Sunday, June 28, 2009
Lessons Learned in the Test Kitchen
So after six hours in the kitchen for a Paradigm dinner service (as recounted in Part I and Part II of my running diary), what have I learned from my "Chef Fantasy Camp"?
Alls chefs are not sociopathic miscreants. Contrary to the reputation fostered by "bad-boy" chef tell-alls like Anthony Bourdain's "Kitchen Confidential," the population of every kitchen is not the equivalent of a jailhouse with pots and pans. I know it's fun to imagine that every kitchen is like the crew of a pirate ship, and perhaps some are. But the kitchen at Neomi's is full of sincere, hardworking people who you'd be perfectly happy to take home to your mother. Maybe they were just on their best behavior for me.
Mise en place is where it's at. I know this is really basic and that just about any book about cooking will tell you the same thing. But there is simply no way any menu like this can be done, or indeed virtually any professional kitchen could function, without a lot of advance prep work. Seeing the process involved to put out one 11-course meal for ten diners makes the sheer logistics of places that do this all the time, with even more elaborate menus, all the more daunting. Even as a home cook, there's surely a lesson here too. We enjoy doing dinner parties, but it drives Mrs. F crazy that I seem to spend most of my time in the kitchen. The more prep that can be done in advance, the less time it takes to get the food out.
Plan, plan, plan, and then be ready to improvise. Shit happens. Hopefully nothing too monumental. Despite all the advance work, something invariably will go awry. As guests were arriving, Chef Windus was still hauling his anti-griddle from outlet to outlet trying to get it to work. As the ticking clock started to narrow down the window of opportunity, the chefs quickly switched gears and got the blood orange puree into some molds, onto some ice, and into the freezer, in enough time to set before it was time to be plated. You have to be constantly ready to adapt.
Inspiration can be like wild fermentation. Ideas travel fast these days, particularly when people are willing to let them do so. One of the components for the Paradigm menu was inspired by three words in a twitter post: "beer can cabbage." This is not the first time I've had a dish in Miami that was inspired by the eternally creative Aki Kamozawa and H. Alexander Talbot of the blog Ideas in Food. Several months ago I had a dish at Talula that paired roasted bone marrow with pickled bananas, inspired by this post. I've noted previously how one of the things I find so interesting about much contemporary cooking is the "open source" nature of it. Where for much of culinary history, recipes and techniques were closely guarded secrets, today many chefs eagerly - almost as a badge of honor - share information about methods, ingredients, ideas and inspirations. This can be a double-edged sword. On the one hand, those prone to simply mimicking will do so, which can lead to a disappointing and ironic sameness in a cuisine that should be a platform for creativity. On the other hand, those who see this information as tool and inspiration, rather than just something to be duplicated, can effectively use it as a springboard for their own ideas.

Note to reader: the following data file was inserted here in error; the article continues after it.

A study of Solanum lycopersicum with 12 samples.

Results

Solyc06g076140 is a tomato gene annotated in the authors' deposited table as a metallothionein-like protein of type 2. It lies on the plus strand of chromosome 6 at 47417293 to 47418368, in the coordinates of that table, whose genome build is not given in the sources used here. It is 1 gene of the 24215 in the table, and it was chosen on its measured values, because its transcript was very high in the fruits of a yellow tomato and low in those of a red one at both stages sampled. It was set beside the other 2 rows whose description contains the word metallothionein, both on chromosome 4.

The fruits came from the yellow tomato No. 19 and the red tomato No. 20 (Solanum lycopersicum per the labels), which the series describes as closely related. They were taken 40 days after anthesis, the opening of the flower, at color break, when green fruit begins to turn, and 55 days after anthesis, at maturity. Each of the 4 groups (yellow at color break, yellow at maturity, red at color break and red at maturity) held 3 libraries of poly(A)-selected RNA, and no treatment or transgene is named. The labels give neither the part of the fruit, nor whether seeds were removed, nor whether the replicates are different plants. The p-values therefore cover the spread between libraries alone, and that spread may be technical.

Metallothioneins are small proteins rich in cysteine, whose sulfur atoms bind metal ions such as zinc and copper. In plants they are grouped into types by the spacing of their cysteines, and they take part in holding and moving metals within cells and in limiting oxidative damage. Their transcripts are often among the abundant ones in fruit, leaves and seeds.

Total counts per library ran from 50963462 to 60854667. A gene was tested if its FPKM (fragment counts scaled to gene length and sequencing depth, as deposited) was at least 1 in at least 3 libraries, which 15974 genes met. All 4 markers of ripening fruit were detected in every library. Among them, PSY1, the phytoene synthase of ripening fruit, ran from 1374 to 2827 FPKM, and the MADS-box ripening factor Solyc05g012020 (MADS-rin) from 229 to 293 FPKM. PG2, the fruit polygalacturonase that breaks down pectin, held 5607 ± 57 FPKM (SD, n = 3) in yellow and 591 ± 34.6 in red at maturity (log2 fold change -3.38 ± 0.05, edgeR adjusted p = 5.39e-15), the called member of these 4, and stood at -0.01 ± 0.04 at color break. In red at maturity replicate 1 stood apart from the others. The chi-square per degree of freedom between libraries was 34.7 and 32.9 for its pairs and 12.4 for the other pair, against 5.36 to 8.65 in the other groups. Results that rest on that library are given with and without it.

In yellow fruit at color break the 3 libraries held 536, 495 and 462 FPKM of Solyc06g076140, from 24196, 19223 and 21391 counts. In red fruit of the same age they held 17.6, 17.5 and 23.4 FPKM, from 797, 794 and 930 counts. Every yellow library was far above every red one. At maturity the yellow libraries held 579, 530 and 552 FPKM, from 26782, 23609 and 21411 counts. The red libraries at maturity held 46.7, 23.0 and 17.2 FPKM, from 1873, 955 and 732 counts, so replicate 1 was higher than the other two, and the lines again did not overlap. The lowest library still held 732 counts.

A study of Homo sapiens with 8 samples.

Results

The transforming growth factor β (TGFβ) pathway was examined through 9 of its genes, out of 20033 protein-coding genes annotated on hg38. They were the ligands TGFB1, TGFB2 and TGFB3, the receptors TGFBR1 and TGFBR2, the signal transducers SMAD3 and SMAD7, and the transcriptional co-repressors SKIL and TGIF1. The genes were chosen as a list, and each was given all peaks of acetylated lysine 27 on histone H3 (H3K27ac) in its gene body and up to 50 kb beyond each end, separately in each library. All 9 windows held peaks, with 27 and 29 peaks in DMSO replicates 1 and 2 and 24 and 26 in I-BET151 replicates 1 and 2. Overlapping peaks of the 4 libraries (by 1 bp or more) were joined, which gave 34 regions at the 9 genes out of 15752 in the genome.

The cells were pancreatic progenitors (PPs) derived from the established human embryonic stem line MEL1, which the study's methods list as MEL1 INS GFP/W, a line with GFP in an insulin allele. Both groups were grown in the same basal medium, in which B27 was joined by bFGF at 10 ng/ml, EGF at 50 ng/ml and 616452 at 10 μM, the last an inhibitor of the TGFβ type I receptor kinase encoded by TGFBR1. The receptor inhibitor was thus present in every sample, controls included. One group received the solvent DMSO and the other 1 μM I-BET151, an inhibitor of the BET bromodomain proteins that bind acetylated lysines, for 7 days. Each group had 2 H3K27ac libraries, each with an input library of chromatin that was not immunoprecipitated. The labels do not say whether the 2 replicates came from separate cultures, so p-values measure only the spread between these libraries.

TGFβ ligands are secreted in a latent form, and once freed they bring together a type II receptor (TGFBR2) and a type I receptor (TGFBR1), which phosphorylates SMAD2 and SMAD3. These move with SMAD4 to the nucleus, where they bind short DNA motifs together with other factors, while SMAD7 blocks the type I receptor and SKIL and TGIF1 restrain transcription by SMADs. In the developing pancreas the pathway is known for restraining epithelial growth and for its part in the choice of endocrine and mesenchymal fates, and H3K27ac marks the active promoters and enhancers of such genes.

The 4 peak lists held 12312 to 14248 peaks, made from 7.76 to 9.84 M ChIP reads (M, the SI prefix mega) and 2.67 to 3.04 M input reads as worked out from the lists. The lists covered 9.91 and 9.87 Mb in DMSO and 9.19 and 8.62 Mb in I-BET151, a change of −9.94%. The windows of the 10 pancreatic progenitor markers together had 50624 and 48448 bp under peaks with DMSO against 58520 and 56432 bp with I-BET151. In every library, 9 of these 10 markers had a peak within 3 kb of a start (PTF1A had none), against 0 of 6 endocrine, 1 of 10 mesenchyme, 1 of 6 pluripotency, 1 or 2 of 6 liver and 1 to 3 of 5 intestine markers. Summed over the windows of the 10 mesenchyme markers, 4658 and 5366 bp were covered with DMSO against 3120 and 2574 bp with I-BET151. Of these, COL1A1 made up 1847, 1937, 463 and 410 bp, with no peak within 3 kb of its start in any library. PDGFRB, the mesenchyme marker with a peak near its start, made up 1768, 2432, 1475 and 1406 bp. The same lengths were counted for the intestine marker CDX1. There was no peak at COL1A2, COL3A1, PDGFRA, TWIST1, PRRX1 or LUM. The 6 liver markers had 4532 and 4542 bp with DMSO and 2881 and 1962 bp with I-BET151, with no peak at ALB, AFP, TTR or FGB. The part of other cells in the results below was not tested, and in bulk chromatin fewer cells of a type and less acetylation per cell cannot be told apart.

There is such a thing as "lefty" plating and "righty" plating. It just so happened that lefties (myself included) dominated the kitchen last Friday night, but not exclusively so. It was pretty amusing to see one chef start a plating element, and then to have another follow behind and have to twist himself into a convoluted pretzel to duplicate the brush of a sauce across the plate.
The waitstaff have a serious sweet tooth. Sometimes they need to be appeased. Especially after a long night of bringing out food for other people, a little something to boost the spirits and energy levels is a good idea. Keep your waitstaff happy.
In case you were wondering – if there is anything in the slightest way distinctive about your appearance, your clothes, your manner, your voice, or just about anything else – you can be pretty sure the waitstaff have come up with a nickname for you. I don’t want to know mine. You probably don’t want to know yours either.
I'm clearly not cut out to be a professional chef. For any youngster with TV-inspired visions of becoming a celebrity chef, or mid-life-crisis-aged amateur cook contemplating a career change - spend some time in a kitchen. It's hard work. My "fantasy camp" was a small - and preposterously comfy - sampler of what it's like to work in a professional kitchen: I was there barely more than 1/2 the day of a typical cook (in an earlier post I linked to a StarChefs survey showing that the average workday for most culinary professionals is 9-11 hours), I didn't spend hours chopping onions or dicing potatoes or trimming artichokes. I wasn't working over a hot sauté or grill station for hours turning out hundreds of covers. I was spared the thrill of tracking inventory, taking in deliveries, and cleaning up stations. And yet by 11pm I was beat. There's little doubt in my mind that you have to really and truly love what you do to last as a chef. While I share their passion, I don't know that I share their energy. It's a lot easier on the other side of those swinging doors between the kitchen and the dining room.